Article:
Companies that have been in business for extended periods of time face a marketing dilemma. Their time in business has undoubtedly created a legacy. And assuming that legacy is positive, they have the option to include the notion of “heritage” in their marketing messaging. Yet how much focus should be put on company legacy? Does it serve to make the business feel old and stale in the context of newer, nimbler competition? Or does it set the business apart as a bellwether who is strong, stable and dependable?
The answer (no surprise) depends. It depends on factors such as the competitive environment, the context for the marketing and of course the key customer care-abouts. What follows are some guidelines to help marketers make informed decisions on when to play up, and when to avoid, marketing their legacy.
1. Consider the competition
Yes, you may have been in business for 50 years. But what about your competition? Is your legacy really a differentiator? If you are in good company and legacy is a key messaging point in your industry, it may be time to downplay its importance. Avoiding a “me too” approach and focusing instead on true differentiators could be a good way to stand out in markets crowded with legacy messaging.
If, however, you are alone in celebrating decades of existence, there is a definite opportunity to use your legacy to your advantage. The critical question is how your competitors are positioned against you. Often start-ups new to an industry that has been dominated by a legacy business will point to their small size and nimbleness as an advantage. Legacy alone will not help in this situation. What is it that your brand’s legacy affords? Is it a stable platform for innovation? Is it a proven track record of success upon which to build? Celebrating a legacy for a legacy’s sake is obviously not the answer, but using that legacy as a foundation for something new and different can be a powerful combination.
2. Consider the context
The context for the marketing is another critical point of consideration when deciding on whether to leverage a legacy message. Launching a new, innovative product? The focus may be better spent on new features and game-changing functionality. Sure the company’s legacy of innovation may be part of the story, but it is far more important to focus on what is new and different.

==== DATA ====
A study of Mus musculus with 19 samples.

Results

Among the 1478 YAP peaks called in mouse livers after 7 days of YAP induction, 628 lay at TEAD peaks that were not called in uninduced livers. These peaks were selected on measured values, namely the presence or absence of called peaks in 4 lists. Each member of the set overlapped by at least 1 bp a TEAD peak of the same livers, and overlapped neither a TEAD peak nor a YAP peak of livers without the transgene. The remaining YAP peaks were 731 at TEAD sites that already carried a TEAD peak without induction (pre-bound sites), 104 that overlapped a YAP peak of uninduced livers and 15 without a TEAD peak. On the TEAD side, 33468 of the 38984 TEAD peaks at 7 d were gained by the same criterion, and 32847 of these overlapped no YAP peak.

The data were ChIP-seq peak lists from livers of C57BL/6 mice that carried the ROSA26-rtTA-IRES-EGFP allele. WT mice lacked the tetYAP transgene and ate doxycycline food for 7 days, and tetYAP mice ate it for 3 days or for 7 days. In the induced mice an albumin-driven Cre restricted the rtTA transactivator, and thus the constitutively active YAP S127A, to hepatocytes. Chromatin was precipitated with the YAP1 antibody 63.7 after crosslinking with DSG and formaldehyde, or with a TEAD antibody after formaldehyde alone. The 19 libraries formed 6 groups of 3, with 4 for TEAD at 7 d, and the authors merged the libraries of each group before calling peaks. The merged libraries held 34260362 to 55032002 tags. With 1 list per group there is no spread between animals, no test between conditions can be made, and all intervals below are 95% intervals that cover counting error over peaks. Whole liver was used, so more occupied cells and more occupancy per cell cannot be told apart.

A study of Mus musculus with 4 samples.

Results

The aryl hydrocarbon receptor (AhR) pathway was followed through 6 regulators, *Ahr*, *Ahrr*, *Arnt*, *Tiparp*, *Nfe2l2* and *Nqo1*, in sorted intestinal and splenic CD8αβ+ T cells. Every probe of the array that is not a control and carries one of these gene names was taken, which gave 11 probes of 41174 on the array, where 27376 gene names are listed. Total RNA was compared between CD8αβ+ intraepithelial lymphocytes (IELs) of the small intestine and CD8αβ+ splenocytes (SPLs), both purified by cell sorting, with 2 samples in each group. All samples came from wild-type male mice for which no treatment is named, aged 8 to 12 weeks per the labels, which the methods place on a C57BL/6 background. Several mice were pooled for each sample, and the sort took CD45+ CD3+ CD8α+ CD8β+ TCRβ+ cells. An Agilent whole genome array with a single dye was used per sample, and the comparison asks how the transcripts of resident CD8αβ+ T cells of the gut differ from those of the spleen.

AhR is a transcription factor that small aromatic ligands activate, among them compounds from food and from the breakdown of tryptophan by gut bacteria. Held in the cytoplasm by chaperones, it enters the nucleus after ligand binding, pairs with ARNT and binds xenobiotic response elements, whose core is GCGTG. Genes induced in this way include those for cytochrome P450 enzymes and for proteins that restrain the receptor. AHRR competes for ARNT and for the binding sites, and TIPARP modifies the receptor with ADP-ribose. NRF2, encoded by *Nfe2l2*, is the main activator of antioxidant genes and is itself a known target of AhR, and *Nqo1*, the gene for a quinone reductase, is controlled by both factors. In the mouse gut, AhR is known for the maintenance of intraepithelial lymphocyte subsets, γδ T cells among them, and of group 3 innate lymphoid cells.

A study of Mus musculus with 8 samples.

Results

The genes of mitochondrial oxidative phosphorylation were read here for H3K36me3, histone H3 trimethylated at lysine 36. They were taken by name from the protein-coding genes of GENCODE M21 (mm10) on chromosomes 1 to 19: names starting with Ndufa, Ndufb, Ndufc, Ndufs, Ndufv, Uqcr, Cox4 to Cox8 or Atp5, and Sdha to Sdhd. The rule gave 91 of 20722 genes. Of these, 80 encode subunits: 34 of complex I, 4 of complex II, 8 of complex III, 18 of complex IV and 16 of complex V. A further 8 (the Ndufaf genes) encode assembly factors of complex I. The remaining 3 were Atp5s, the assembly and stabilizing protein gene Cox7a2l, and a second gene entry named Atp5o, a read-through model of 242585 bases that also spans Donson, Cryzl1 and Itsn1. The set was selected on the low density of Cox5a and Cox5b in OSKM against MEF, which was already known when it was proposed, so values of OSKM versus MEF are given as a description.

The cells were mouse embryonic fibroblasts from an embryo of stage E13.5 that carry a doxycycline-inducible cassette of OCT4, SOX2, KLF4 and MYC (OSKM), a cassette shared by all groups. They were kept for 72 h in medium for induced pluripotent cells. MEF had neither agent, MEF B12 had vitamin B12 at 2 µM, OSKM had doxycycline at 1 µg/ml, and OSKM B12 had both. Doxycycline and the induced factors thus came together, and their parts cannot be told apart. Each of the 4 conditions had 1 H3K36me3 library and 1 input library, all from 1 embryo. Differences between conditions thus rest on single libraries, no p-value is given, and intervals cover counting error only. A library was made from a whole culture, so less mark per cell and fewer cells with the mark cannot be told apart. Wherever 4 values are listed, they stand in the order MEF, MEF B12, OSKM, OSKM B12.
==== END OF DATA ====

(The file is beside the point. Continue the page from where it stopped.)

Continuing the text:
Promoting a broad, brand-building CSR-type message? Legacy could be very appropriate to tie in, especially if you have a history of community engagement. The key is to answer the question “will my message be made stronger by reinforcing my time in business?”. And when a rich heritage story can be woven throughout the answer is typically yes.
3. Consider the audience
Just having been in business for a long time is not necessarily a reason to celebrate. What is it about your legacy that matters to your audience? Do you have a solid history of customer collaboration? Long-term client partnerships or joint venture? A track record of innovation based on prospect needs? Just saying that you have a legacy is meaningless unless it resonates in some way with your target audience. So looking through their lens is a critical decision making step. Making your legacy relevant to their business success should be the goal in communicating.
For example, General Electric, perhaps one of the original “legacy” brands, is in the midst of addressing this very issue with its recent “digital industrial” campaign. While it is impossible to ignore GE’s history as an industrial company, it nonetheless needed a way to credibly connect to the digital age. Creative execution aside, the decision to highlight GE as a “digital industrial” presents a unique approach to leveraging the company’s rich legacy while still positioning the company as forward-leaning.
In summary, a legacy message can be a powerful marketing tool when used appropriately. The keys to success are understanding the competitive landscape, considering the context and making sure that the audience is at the center of the decision.